My friend did a drug test for a part time job for the local school district. When she got her results, she found out that the district also did a pregnancy test. Besides ethical issues, this seems like a legal red flag given she wasn't told this would be done.
The OP added that her friend's spouse (male) did the same screening for the same employer, but no pregnancy test.
If it looks illegal, and it smells illegal, then it's illegal. Let's examine why.
Believe it or not, this testing might not per se violate the Pregnancy Discrimination Act. The EEOC says, "Federal law does not prohibit employers from asking you whether you are or intend to become pregnant." If it's not a Title VII violation to ask a job applicant about whether she's pregnant, it's also likely not a violation to test her for pregnancy. The issue isn't whether you obtain the information, but how you use it. The EEOC adds, "Because such questions may indicate a possible intent to discriminate based on pregnancy, we recommend that employers avoid these types of questions." If you don't have a legal use for the information, why obtain it in the first place?
2/ Sex Discrimination.
Why pregnancy test women and not men (aside from the obvious reason that men can't get pregnant)? Treating men and women differently for their pre-employment screening absent a bona fide job-relatedness reason to do so (aka a bona fide occupational qualification or BFOQ) is sex discrimination.
3/ Disability Discrimination.
Pregnancy is not a disability under the ADA, but the ADA still regulates pre-employment medical inquiries, including drug and medical testing. Pre-employment disability-related inquiries and medical examinations/testing are permitted, but only if: (1) it is done after an applicant is given a conditional job offer but before starting work; (2) and the same inquiries, exams, and tests are given to it all entering employees in the same job category. If an employee is pregnancy tested but her spouse isn't, it sure looks like a violation of the ADA's medical examination provisions. Moreover, as noted above, there is no legally justifiable business reason to discover an employee's pre-employment pregnancy status. If you can't legally use the information, why test for it in the first place?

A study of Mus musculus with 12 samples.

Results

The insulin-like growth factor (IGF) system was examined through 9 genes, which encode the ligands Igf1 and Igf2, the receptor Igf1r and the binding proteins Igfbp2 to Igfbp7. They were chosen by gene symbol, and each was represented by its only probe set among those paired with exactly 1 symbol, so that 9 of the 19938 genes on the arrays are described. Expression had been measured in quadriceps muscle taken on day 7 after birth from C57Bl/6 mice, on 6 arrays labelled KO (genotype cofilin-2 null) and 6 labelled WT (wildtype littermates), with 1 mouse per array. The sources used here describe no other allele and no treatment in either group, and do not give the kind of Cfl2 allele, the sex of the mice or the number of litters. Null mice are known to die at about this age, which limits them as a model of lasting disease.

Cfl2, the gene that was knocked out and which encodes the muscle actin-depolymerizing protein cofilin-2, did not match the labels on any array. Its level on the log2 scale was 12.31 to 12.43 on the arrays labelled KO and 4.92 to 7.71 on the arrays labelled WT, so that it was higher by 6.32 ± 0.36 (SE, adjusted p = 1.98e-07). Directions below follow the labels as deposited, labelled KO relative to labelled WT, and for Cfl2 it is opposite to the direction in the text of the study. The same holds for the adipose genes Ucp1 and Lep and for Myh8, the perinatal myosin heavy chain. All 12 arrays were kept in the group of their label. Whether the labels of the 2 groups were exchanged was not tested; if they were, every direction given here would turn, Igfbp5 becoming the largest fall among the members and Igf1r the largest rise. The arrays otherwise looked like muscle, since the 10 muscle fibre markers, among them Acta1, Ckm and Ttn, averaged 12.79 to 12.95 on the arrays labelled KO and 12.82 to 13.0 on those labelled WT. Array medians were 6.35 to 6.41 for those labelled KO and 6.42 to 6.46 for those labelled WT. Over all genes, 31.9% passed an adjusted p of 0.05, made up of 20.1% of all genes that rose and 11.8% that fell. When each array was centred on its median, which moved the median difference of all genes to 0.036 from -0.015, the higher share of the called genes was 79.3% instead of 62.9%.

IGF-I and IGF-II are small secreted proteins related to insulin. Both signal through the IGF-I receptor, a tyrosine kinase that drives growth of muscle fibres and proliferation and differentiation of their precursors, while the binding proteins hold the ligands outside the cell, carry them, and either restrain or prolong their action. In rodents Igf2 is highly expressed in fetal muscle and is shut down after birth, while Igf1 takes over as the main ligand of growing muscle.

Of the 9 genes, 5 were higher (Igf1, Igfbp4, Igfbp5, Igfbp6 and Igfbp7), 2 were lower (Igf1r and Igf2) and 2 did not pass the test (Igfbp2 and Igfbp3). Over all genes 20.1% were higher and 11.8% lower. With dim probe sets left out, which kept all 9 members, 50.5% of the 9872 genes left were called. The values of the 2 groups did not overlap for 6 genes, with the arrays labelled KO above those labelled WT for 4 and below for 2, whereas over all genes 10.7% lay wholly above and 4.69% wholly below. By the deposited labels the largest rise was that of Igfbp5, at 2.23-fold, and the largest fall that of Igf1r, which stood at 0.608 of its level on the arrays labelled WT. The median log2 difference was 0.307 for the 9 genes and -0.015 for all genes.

4/ Privacy Laws.
There may be statutes in specific states that require notice and consent for pre-employment testing. If so, surreptitiously giving a pregnancy test would seem to be in violation. More generally, however, the common law protects one from what called "intrusion upon seclusion." It's defined as a reasonably offensive intrusion into the private affairs of another without authorization. This situation certainly seems to fit that definition. One's pregnancy status is one's own business, period.
A testing lab conducting a pregnancy test without informed consent and then providing the result to a third part sure seems like a HIPAA violation. However, there is no private cause of action under HIPAA. Instead, it would be further evidence in support of privacy tort outlined in number 4 above.
The bottom line: Employers, don't pregnancy test job applicants or employees. It's almost certainly illegal, and it's definitely none of your business.